George Bush Urges Americans to 'Examine Our Tragic Failures' Amid George Floyd Protests

Former U.S. President George Bush has urged Americans to "examine our tragic failures," amid the mass protests instigated by the death of George Floyd. Taking to Instagram on Tuesday, Bush and his wife, former First Lady Laura Bush, shared a joint statement on what is happening across the nation currently, asserting the significance of seeing through the "eyes of the threatened, oppressed and disenfranchised" amid protests.

Bush explained that they "have have resisted the urge to speak out," because they believe it is time "to listen" and not "time for us to lecture." He added that they believe"it is time for America to examine our tragic failures," but to "also see some of our redeeming strengths" as well. Bush went on to comment on the "shocking failure" of the U.S. government's treatment of the black community, and explained that he understands how it has resulted in widespread protests. "It is a strength when protesters, protected by responsible law enforcement, march for a better future," he wrote. Bush added that both "this tragedy" and "a long series of similar tragedies" is cause to raise "a long overdue question: How do we end systemic racism in our society?"


Referencing the Civil War, they then stated that they firmly believe "the doctrine and habits of racial superiority, which once nearly split our country, still threaten our Union." He went on to say that those who "doubt the justice of our country" do so "with good reason," because "black people see the repeated violation of their rights without an urgent and adequate response from American institutions." Bush then stated that, "lasting justice will only come by peaceful means," and "looting is not liberation."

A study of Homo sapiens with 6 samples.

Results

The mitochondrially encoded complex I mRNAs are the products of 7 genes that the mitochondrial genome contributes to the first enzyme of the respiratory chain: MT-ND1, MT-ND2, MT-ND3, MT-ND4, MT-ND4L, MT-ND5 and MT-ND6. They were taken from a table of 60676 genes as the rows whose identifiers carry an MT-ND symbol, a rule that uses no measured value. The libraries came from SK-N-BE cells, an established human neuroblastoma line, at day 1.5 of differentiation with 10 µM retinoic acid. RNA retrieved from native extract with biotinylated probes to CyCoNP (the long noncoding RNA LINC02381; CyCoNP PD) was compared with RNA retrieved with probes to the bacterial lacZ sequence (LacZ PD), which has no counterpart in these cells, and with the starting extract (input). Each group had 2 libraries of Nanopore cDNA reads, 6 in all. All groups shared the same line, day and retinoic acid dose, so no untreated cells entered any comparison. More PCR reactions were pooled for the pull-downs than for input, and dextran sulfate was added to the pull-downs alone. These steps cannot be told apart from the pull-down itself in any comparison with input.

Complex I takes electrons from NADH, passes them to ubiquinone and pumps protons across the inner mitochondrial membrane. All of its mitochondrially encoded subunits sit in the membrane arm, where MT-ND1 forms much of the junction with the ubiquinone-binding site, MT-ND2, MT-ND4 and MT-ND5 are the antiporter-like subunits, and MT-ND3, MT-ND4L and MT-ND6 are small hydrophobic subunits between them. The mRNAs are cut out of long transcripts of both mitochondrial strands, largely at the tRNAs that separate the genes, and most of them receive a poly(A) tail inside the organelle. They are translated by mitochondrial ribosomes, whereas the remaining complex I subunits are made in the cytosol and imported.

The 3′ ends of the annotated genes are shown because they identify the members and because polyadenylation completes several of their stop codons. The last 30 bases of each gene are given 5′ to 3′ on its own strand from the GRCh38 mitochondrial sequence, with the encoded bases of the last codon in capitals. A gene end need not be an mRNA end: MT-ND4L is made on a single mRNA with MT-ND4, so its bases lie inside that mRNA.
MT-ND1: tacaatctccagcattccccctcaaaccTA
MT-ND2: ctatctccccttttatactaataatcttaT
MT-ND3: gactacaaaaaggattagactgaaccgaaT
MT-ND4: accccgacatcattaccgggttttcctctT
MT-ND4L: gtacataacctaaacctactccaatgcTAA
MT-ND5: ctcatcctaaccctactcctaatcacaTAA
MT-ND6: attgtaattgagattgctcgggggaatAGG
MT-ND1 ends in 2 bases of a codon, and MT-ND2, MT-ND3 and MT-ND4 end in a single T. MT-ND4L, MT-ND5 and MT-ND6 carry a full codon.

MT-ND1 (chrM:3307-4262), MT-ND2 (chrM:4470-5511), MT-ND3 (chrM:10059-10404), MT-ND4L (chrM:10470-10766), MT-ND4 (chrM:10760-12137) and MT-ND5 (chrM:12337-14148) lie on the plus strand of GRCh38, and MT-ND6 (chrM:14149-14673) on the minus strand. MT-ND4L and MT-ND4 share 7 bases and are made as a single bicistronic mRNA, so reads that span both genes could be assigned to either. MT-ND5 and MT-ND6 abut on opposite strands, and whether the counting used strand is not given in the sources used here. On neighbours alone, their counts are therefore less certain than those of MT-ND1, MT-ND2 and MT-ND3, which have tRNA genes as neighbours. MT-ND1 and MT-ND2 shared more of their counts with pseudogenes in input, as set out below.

He said that "destruction is not progress," but added that he and Laura "also know that lasting peace in our communities requires truly equal justice." Bush eventually concluded his statement by saying, "There is a better way -- the way of empathy, and shared commitment, and bold action, and a peace rooted in justice. I am confident that together, Americans will choose the better way."